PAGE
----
Improvement Science Summit set for July 7

Summit launches new improvement science research network supported by $3 million NIH grant; ninth annual Summer Institute on Evidence-Based Practice following the summit explains how to conduct research that improves patient safety and quality of care

SAN ANTONIO (July 1, 2010) — Setting the national research agenda for improving the quality of health care and patient safety will be the focus July 7 of the inaugural Improvement Science Summit, to be held in San Antonio at the Hyatt Regency on the Riverwalk.

The summit, sponsored by the Academic Center for Evidence-Based Practice (ACE) at the UT Health Science Center San Antonio, will establish the first national Improvement Science Research Network (ISRN) focusing on front-line hospital care provided by nurses and interprofessional teams of care providers.

The network is funded by a $3 million National Institutes of Health grant led by Kathleen R. Stevens, Ed.D., M.S., RN, ANEF, FAAN. Dr. Stevens is a professor of acute nursing care and director of ACE, which is housed in Health Science Center’s School of Nursing. The summit will be the prelude to the ninth annual Summer Institute on Evidence-Based Practice, set for July 8-10 in the same location, also sponsored by ACE.

“Although patient safety and quality improvement in bedside care are clearly stated national priorities, improvement science is still in the developmental stage, particularly in the care provided by multidisciplinary teams in hospitals,” Dr. Stevens said. “To meet these national expectations, health care experts, administrators, researchers and clinicians are devising and testing new strategies to improve the safety and quality of patient care. The Improvement Science Research Network aims to accelerate the development and testing of innovative ideas on a national scale so they can be moved more quickly into practice,” she said.

The summit will feature an 8:15 a.m. presentation via teleconference by Carolyn Clancy, M.D., director of the Agency for Healthcare Research and Quality, part of the U.S. Department of Health and Human Services, speaking on “The Promise of Improvement Science.”

Dr. Stevens’ presentation, “The Improvement Science Research Network: Launching the Future Today,” will follow at 9:15 a.m. and will lay the groundwork for the breakout sessions in the afternoon. Those sessions will give participants the opportunity to provide input on developing three major national improvement studies that the ISRN will conduct — medication safety, front-line improvement and team performance. Complete details about the summit are available at http://www.improvementscienceresearch.net.

Following the summit, the Summer Institute on Evidence-Based Practice, with the theme “Front-Line Improvement — How to Do It, How to Lead It, How to Inform it,” July 8-10, will offer the nuts and bolts of how to conduct improvement science research.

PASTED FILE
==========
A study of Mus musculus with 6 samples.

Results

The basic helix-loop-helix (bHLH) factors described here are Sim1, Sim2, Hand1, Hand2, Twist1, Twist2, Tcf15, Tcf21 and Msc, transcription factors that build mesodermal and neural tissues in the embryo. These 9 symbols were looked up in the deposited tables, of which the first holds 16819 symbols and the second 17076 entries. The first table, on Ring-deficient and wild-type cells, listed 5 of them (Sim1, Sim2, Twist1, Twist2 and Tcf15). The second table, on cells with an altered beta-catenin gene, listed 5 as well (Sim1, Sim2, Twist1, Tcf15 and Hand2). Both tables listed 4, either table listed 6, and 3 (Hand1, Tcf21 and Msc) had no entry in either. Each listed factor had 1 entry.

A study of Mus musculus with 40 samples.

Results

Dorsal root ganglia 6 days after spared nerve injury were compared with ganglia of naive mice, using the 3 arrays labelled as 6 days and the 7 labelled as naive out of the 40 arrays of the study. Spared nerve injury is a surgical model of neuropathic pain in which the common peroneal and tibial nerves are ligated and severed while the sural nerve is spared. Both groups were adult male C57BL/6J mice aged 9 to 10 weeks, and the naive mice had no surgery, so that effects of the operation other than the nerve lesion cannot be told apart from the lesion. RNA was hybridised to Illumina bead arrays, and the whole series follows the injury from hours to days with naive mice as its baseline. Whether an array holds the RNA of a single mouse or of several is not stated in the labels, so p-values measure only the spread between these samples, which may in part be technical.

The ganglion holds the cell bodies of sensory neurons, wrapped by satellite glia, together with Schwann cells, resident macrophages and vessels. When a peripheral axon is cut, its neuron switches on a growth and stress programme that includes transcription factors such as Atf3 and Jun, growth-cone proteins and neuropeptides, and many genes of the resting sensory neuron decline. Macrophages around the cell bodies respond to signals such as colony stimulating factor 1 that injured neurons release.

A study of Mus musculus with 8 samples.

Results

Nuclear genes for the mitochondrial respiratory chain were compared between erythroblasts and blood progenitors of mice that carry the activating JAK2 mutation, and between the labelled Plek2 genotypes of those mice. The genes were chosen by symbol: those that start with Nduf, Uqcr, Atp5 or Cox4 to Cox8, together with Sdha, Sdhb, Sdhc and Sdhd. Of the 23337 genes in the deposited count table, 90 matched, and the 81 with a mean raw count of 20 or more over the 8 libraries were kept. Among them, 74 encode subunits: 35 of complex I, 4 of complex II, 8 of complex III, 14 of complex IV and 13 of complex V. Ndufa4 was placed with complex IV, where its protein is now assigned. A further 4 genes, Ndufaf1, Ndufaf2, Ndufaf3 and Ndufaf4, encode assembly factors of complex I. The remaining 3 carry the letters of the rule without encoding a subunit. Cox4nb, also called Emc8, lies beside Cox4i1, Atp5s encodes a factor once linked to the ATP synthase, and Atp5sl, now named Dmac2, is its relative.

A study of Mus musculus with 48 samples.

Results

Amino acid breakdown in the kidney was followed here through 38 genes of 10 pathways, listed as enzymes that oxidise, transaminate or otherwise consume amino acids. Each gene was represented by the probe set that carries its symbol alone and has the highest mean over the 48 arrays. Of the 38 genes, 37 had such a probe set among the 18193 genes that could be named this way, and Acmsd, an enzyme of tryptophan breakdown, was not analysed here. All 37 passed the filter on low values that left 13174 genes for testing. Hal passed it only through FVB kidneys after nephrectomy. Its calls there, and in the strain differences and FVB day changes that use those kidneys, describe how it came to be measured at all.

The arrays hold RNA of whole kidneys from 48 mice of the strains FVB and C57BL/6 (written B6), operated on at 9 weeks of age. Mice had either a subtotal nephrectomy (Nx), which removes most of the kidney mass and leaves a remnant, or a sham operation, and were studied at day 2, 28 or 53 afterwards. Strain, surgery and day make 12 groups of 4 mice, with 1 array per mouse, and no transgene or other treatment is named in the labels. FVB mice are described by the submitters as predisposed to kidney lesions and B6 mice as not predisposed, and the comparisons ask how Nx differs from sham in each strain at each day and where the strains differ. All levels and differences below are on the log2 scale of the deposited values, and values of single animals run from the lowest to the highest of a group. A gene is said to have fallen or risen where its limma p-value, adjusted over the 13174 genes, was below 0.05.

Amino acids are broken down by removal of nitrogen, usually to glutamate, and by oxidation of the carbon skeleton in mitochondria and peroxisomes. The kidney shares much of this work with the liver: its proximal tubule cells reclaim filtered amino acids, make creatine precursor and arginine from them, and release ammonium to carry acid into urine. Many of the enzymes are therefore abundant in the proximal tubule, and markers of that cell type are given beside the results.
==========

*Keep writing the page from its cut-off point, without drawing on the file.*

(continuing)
“In each session we will discuss effective health care strategies supported by evidence,” Dr. Stevens said. “Because front-line innovation and evidence are powerful drivers in building quality and safety, we will look at what it takes to move health care to a higher level of quality and safety.”

Among the featured topics and presenters, many of whom are national health care experts on the ISRN’s Steering Council, are:

• “The Power of the Front-Line,” presented by Dr. Steve
• “Real World Evidence for Frontline Health Care Improvement,” presented by Jack Needleman, Ph.D., FAAN, professor and director of the Health Services Ph.D. and M.S.H.S. Programs at the UCLA School of Public Health, Department of Health Services
• “Engaging Everyone in Improvement: Change, Culture and Culture Change,” presented by Mary L. Salisbury, M.S.H., RN, president of The Cedar Institute Inc.
• “The Clash of the Titans: Nightingale, Aristotle and Cochrane,” a panel exploring ethics and evidence-based practice, led by Rick Rader, M.D., director of the Morton J. Kent Habilitation Center and a member of the AHRQ Health Care Innovations Exchange editorial board
• “Global Perspectives of Ethics and Evidence-Based Practice: Impact on Health Care Systems in Developing Countries,” by Kenneth W. Goodman, Ph.D., professor of medicine and director of the Miami Bioethics program
• “Putting It All Together In a Large National System,” to be presented by Navy Rear Adm. Christine S. Hunter, M.D., deputy director of TRICARE Management Activity, which coordinates health care for 9.4 million military beneficiaries worldwide

In addition to Dr. Stevens, Robert L. Ferrer, M.D., M.P.H., associate professor and deputy chair for research in the UT Health Science Center San Antonio’s Department of Family & Community Medicine, and Debra L. Fraley, M.S.N., RN, CCRN, CCNS, a nurse educator and clinical nurse specialist in Surgical Critical Care at University Hospital in San Antonio, are co-chairs of the program committee for the conference.

Visit the websites of the Summer Institute for Evidence Based Practice and Improvement Science Summit to register, or call (210) 567-1480 for more information.

 

The University of Texas Health Science Center at San Antonio, one of the country’s leading health sciences universities, ranks in the top 2 percent of all U.S. institutions receiving federal funding. Research and other sponsored program activity totaled a record $259 million in fiscal year 2009. The university’s schools of medicine, nursing, dentistry, health professions and graduate biomedical sciences have produced 27,000 graduates. The $753 million operating budget supports six campuses in San Antonio, Laredo, Harlingen and Edinburg. For more information on the many ways “We make lives better®,” visit www.uthscsa.edu.